The 10-year U.S. Treasury yield were little changed on Wednesday as the Federal Reserve officials reaffirmed their plan to keep interest rates and asset purchases steady even as the economic recovery gains steam.
The Federal Open Market Committee concluded its two-day meeting on Wednesday and said at 2 p.m. that it planned to hold its benchmark interest rate steady near zero.
“”Amid progress on vaccinations and strong policy support, indicators of economic activity and employment have strengthened,” the committee said in a statement.
Fed Chair Jerome Powell said in a press conference that it would be “some time” before there was substantial further progress in the economic recovery and that it was “not time yet” to begin discussing a change to the central bank’s asset purchase program.
Yields gave up modest gains after Powell made those statements.
The committee also changed the language in its statement to acknowledge that inflation is rising, “largely reflecting transitory factors.” The previous statement said that inflation was running below the Fed’s 2% target.
Fed Chairman Jerome Powell is scheduled to hold a press conference at 2:30 p.m. ET, which investors will be watching closely for any clues on the direction of policy.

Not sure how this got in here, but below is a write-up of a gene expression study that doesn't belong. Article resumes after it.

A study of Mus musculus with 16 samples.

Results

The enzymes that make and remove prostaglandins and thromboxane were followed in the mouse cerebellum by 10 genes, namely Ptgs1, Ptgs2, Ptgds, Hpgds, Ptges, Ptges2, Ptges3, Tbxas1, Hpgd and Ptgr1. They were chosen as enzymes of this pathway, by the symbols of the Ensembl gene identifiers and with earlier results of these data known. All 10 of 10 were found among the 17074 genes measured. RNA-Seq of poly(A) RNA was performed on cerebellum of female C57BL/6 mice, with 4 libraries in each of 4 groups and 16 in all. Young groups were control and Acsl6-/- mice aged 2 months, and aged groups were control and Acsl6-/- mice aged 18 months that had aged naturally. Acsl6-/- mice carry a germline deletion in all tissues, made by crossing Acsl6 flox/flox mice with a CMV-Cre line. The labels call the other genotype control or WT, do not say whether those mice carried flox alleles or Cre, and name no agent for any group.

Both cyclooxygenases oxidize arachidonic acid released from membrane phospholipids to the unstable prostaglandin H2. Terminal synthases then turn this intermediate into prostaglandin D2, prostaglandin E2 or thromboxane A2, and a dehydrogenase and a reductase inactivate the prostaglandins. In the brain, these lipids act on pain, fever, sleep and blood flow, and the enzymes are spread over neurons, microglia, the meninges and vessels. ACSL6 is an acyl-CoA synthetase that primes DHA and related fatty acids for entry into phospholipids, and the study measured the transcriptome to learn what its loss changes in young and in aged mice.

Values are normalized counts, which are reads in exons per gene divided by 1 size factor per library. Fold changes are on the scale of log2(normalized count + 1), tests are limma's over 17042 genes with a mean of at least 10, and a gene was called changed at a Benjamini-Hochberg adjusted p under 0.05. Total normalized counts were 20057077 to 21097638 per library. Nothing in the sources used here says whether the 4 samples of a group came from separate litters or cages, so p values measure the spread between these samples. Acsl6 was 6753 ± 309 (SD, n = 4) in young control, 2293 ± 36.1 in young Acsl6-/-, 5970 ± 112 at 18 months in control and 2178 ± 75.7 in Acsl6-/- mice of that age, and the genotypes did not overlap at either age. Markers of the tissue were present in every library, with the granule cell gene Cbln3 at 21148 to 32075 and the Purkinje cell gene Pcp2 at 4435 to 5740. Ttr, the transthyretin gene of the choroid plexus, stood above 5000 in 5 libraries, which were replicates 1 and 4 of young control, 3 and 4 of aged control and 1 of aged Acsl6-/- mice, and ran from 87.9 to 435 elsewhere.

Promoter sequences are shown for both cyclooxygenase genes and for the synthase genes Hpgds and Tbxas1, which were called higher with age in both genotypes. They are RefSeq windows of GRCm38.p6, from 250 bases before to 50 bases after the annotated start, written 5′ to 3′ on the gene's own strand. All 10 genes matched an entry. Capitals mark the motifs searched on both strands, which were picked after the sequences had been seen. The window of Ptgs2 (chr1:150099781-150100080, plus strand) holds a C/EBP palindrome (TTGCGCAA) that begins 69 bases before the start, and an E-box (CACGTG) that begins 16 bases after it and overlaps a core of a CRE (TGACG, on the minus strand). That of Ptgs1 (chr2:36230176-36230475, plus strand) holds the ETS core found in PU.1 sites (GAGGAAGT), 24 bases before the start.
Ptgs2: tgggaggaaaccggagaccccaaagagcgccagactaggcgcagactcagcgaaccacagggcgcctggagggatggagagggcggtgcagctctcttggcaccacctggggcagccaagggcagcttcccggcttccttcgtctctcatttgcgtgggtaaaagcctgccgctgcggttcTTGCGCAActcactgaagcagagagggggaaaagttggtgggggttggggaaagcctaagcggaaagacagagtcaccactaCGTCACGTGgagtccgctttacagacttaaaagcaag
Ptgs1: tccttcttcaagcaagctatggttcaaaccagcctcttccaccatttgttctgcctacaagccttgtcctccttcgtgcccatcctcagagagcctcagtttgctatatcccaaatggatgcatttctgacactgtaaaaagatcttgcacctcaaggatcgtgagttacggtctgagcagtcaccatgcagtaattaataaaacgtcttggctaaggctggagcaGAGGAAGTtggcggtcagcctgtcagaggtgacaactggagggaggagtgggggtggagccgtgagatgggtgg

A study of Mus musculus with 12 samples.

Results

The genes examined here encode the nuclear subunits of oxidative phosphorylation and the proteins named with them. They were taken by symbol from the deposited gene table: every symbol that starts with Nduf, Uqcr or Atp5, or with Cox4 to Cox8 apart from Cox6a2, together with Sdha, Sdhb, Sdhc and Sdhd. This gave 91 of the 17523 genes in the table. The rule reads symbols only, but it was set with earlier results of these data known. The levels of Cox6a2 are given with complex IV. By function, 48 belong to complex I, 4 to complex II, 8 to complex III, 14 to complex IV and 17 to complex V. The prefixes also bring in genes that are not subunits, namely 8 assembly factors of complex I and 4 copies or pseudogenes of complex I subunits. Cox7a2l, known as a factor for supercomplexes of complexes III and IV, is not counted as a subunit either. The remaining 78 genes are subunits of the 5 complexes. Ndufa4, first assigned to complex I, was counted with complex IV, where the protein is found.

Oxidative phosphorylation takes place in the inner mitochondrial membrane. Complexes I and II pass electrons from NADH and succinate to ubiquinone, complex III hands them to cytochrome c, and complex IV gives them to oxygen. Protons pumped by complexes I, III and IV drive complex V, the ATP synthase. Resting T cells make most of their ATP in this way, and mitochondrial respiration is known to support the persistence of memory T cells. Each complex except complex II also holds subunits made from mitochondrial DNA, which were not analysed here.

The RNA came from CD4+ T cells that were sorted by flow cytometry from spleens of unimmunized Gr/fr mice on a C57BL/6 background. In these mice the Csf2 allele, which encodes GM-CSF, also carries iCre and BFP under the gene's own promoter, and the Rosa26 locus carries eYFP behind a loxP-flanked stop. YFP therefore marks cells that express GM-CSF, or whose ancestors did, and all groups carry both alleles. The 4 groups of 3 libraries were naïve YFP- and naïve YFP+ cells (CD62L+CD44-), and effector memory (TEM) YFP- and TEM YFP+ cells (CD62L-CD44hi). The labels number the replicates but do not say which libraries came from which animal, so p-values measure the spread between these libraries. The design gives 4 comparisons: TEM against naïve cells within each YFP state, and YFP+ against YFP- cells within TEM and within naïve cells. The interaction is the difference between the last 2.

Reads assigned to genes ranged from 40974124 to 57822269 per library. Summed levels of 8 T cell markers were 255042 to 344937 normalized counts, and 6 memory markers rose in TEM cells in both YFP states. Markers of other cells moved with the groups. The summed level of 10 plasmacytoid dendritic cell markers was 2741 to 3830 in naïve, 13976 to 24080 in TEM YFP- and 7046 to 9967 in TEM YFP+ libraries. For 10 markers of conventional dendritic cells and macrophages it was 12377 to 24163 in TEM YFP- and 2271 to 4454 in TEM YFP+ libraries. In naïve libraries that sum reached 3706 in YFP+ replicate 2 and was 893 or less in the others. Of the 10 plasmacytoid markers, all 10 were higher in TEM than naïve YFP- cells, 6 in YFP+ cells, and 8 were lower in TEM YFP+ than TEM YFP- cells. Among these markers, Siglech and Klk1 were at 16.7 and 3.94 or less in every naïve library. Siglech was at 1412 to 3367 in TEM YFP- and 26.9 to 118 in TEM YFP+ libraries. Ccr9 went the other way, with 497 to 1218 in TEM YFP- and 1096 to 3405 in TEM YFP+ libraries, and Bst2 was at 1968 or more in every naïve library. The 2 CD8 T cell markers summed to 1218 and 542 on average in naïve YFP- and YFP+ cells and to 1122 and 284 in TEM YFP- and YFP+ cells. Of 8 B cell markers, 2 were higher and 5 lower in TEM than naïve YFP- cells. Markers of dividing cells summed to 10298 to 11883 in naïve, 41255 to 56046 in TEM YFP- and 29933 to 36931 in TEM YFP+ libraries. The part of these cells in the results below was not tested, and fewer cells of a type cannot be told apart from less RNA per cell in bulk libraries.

Aaron Anderson, senior vice president of research at Fisher Investments, said on Wednesday that while the FOMC had consistently communicated its plans to stick to its current policies for a long time, expectations of higher interest rates and tapering of quantitative easing were on the rise.
“One of the Fed’s biggest challenges is to convince the market it means what it says, especially as base effects and supply-chain bottlenecks cause certain inflation data to tick temporarily higher,” he said.
“The market will be listening closely for any signs the Fed is wavering on its ultra-accommodative policies,” Anderson added.
Fed bank officials, including Powell, have said that they expect a temporary rise in inflation as the U.S. economy accelerates its recovery from the coronavirus pandemic.
An auction was held Wednesday for $35 billion of 119-day bills.